Thursday, January 22, 2009

Letter from a Birmingham Jail

Due to the short week, I have not finished the poetry unit with my students yet. That'll happen next week. In the meantime we've been working with the students on their writing and I've been working on a new unit dealing with Dr. King's "Letter From A Birmingham Jail", which I think is his most impressive work, including his speeches. Despite the fact that most of my students are black, very few know that he wrote a letter from jail, much less the content or even what prompted him to write it in the first place. I plan on fixing that lack of knowledge with this lesson. Now the letter is a long one, nine pages to be exact and it's a complex piece of literature, full of Biblical references and other imagery that take time to process properly.

At first this was going to be a four day lesson. The first day we were going to read the public statement written by Birmingham Clergy telling Dr. King that his activities were well intentioned but the wrong answer for the question of racial equality in Birmingham. It was this statement that prompted Dr. King to write his famous letter. The next three days we were going to go over the letter in three page chunks, answering questions and creating posters or power points about the letter and what it meant to them personally.

So I had finished the statement and the activities for the first 2/3 of the letter, and I wanted to get a second opinion on my questions that the students would answer so I gave it to my co-teacher to get her opinion. She was impressed with the questions which made my day and the pointed out that I was going waaaaaay to fast and that there was no way I could cover the material in just 4 days, now that didn't ruin my day but it did bring me back to earth.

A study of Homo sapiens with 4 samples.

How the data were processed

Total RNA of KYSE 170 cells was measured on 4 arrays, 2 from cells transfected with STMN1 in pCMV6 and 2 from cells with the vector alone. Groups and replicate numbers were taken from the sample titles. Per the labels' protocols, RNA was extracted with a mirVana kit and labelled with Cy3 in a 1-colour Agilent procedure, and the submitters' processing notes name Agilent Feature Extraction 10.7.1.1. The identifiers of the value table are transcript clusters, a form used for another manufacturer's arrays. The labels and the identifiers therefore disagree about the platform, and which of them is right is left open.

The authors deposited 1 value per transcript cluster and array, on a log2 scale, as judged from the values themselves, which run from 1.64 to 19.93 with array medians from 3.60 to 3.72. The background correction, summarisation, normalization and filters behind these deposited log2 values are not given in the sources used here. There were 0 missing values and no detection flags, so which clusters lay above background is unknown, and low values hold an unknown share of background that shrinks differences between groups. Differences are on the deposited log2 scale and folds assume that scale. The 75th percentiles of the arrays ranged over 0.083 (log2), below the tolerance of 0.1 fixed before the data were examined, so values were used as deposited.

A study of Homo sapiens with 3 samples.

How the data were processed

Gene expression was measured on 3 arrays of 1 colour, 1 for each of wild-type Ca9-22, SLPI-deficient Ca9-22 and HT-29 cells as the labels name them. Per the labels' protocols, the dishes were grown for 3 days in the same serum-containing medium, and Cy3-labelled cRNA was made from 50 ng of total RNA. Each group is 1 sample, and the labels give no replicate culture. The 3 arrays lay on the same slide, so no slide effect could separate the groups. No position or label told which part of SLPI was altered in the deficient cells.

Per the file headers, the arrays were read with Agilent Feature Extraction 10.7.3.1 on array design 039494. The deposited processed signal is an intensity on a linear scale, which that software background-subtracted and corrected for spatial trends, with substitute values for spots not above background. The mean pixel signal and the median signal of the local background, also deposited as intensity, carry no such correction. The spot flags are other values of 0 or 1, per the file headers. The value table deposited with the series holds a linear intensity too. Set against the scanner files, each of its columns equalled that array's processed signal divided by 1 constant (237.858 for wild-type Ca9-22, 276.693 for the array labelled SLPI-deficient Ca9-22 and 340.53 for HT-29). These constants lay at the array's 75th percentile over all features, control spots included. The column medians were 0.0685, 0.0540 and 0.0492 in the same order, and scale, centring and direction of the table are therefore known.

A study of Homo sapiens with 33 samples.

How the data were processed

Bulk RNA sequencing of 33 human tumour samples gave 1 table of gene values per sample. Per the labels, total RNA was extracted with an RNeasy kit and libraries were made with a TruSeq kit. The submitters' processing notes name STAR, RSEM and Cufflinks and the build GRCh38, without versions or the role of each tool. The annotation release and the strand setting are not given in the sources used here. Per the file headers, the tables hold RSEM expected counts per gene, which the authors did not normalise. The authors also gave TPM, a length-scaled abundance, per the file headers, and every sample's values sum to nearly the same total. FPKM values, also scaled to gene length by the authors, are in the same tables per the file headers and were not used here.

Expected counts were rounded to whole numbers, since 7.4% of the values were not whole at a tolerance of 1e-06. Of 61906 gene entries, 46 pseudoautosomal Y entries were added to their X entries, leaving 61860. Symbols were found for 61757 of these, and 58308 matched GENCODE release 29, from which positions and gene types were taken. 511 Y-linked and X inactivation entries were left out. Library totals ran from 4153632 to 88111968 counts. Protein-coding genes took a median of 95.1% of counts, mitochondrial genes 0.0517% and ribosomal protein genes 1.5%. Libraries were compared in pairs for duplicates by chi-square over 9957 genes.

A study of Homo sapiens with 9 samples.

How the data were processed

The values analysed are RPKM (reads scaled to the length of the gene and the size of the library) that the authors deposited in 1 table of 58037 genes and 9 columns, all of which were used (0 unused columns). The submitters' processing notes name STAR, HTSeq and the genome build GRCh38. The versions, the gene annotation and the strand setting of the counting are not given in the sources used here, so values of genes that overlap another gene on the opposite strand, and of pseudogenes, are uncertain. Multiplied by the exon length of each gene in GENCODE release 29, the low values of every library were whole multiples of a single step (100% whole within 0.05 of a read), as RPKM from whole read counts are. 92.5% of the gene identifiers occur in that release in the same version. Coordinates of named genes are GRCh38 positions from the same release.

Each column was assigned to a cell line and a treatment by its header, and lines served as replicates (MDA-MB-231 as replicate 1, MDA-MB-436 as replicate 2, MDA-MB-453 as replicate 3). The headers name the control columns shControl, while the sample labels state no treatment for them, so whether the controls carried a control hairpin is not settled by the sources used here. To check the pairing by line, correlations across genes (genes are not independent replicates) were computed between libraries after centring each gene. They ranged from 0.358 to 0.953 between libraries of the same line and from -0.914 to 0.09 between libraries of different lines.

Armed with this reality check I started to redo the lesson and my short unit is now two full weeks long. Now my plan is to do a page a day and mix in some group work along with answering questions and writing essays. The nice thing is that I don't have to start over, just slow the heck down. My goal for the unit is to give the students a real (as opposed to "I have a dream") insight into how Dr. King thought and why he took the actions he did, as well as give them real insight into the multitude of opposition that he faced from both blacks and whites.

Of course having a good lesson plan only goes so far. It'll be interesting to see how they react to the lesson and the work that is going to go along with truly understanding the letter and the author.

Wish me luck, I think I'm going to need it.